The Keeper of the Plains in downtown Wichita is among the most photographed spots in all of Kansas. The iconic sculpture is beautiful when you see it against a bright blue sky full of puffy clouds. It’s striking during the nightly Ring of Fire lighting of the firepots.
Add another way you need to see the 44-foot-tall steel sculpture by Blackbear Bosin: from a kayak or paddleboard floating on the Arkansas River.
Boats & Bikes
If you’re interested in getting on the water but you need equipment, Boats & Bikes is an outdoor fun rental company operating from a 240-foot public dock on the Arkansas River near the Douglas bridge.
The operation is run by Wichita State University’s rowing program and among their offerings are youth and adult paddleboards, pedal boats, kayaks and rowing shells. Rentals start as range from $10 to $30 per hour depending on the equipment. Also, be sure to check out their season passes, group discounts, and special events. Reservations are suggested and can be made by emailing firstname.lastname@example.org or calling 316-265-9359.
Boats & Bikes is open daily from Memorial Weekend through October, and by reservation outside those dates. Hours of operation are subject to change due to encumbering weather or special activities in the area. Hours may also change to accommodate peak and down-times of the rental equipment. Watch their social media outlets (Facebook and Twitter) for updates on hours of operation.
Wichita Park & Recreation
Wichita Park & Recreation also coordinates seasonal kayak rentals from at 605 S. Wichita St., which is under Kellogg Ave. at the ramp just south of the Wichita Boathouse. The cost is $10/hour and it’s first come, first served. This year, these are available June 26 through September 5 on Saturdays and Sundays from 10 a.m. to 2 p.m.
Wichita Park & Recreation is offering several Floatin’ on the River tour options again this summer and early fall. All tours cost $35 per person and pre-registration is required. Space is limited so sign up early and get on a waiting list if your preferred date is full.
- Floatin' on the River: Sunrise Tour - Launch just before twilight into the stillness of the morning and catch the glorious sunrise. The morning will end with a full breakfast on the patio of the Wichita Boathouse.
- Floatin' on the River: Sunset Tour - Set off on a leisurely paddling tour from the ramp just south of the Wichita Boathouse, to the Keeper of the Plains and back. Enjoy a barbeque dinner after the tour while relaxing to the sounds of soothing music.
- Floatin' on the River: Glow Tour - Enjoy a moonlight trip along the river with the stars shining overhead! You and the kayaks will be flowing with lights and glow sticks as you make your way to the Keeper of the Plains. Enjoy desserts and light snacks afterwards.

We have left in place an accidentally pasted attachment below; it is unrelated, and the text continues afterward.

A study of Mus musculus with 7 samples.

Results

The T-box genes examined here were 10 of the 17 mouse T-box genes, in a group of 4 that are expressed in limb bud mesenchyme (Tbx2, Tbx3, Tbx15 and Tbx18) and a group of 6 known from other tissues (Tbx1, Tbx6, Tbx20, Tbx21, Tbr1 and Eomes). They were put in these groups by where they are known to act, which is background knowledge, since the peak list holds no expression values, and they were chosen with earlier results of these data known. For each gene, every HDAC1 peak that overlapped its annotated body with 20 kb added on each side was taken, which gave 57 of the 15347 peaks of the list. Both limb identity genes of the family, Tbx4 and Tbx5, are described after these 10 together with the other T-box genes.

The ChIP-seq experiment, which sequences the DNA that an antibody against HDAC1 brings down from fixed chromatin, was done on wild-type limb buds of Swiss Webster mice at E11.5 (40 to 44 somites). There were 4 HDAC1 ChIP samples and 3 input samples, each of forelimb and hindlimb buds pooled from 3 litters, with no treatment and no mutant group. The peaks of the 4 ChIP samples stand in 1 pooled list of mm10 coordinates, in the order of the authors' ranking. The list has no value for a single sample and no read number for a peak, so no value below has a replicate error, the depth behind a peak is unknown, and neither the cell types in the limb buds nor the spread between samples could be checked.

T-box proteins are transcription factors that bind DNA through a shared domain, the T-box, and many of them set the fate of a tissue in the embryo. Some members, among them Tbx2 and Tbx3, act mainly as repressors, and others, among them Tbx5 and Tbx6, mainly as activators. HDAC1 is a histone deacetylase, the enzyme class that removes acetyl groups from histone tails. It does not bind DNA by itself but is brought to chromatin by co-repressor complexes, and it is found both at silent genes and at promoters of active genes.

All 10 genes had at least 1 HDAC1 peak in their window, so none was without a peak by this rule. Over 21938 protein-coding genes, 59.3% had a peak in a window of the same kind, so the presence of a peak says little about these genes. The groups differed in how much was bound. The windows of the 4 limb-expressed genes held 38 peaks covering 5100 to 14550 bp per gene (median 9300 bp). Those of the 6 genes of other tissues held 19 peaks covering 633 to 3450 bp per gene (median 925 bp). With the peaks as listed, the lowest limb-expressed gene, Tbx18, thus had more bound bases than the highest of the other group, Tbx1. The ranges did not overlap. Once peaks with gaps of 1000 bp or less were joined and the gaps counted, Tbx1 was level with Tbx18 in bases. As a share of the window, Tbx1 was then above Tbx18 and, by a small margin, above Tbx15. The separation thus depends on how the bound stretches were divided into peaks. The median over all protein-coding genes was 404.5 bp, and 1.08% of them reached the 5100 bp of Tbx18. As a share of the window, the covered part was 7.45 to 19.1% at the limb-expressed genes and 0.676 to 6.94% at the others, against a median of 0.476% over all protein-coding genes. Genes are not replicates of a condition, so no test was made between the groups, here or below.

- Floatin' on the River: Senior Tour - Spend some time learning kayaking basics and then set your course towards the Keeper of the Plains at a relaxed and easy pace. The evening ends with a barbeque dinner on the patio of the Wichita Boathouse. For ages 55+.
Always check current river conditions; rainfall can cause high water levels and fast currents that close the Arkansas River to recreational use. The City regularly updates the River Status.
MeLinda Schnyder is a Wichita-based travel writer who also has explored the Arkansas River on a raft near Cañon City, Colorado. She is a member of SATW and the Midwest Travel Journalists Association.
"My husband and I don’t own a kayak or paddleboard and we wanted to see the Keeper of the Plains at sunset from the water, so we signed up for a tour offered by Wichita Park & Recreation. On a summer Friday evening, we headed downtown after work and met others who had pre-registered for the Floatin’ on the River Sunset Tour. About a dozen people chose kayaks and another dozen were on paddleboards, each group getting a brief training before launching into the water from the ramp just south of the Wichita Boathouse.
It’s just a mile to the Keeper of the Plains, but remember there can be wind that makes this more strenuous than it sounds. I think those of us in kayaks had it easier than those on SUPs on this particularly windy evening, but nobody on either type of vessel took a dip in the water!
There were several guides along the route to answer questions about the river, the area and to offer kayaking tips. They also just let you paddle on your own if that’s what you preferred. They timed it just right to get us to the Keeper in time for photos with the sun nearing the horizon for a spectacular backdrop. Guides took photos of friend and family groups, and there was plenty of time to take your own photos of the sculpture, the dramatic outline of Exploration Place and the Wichita skyline before paddling back to our starting point.
The entire trip lasted about 75 minutes. Once back on land, we walked over to the Wichita Boathouse and enjoyed a barbecue dinner on the patio that was part of the $35 per person tour price. With equipment and food included, this was a fun, affordable way to see Wichita from a new viewpoint."
Enjoy a National Water Trail
The Arkansas River is one of the longest rivers in the country, starting near Leadville, Colorado, and flowing nearly 1,469 miles through four states to its confluence with the Mississippi River in eastern Arkansas. A 192-mile section of the river – from Great Bend, Kansas, to the Kansas/Oklahoma border – is designated a National Water Trail by the U.S. National Park Service. This stretch meanders through prairie, pastures and farmland, and passes through small towns as well as Wichita, the state’s largest city.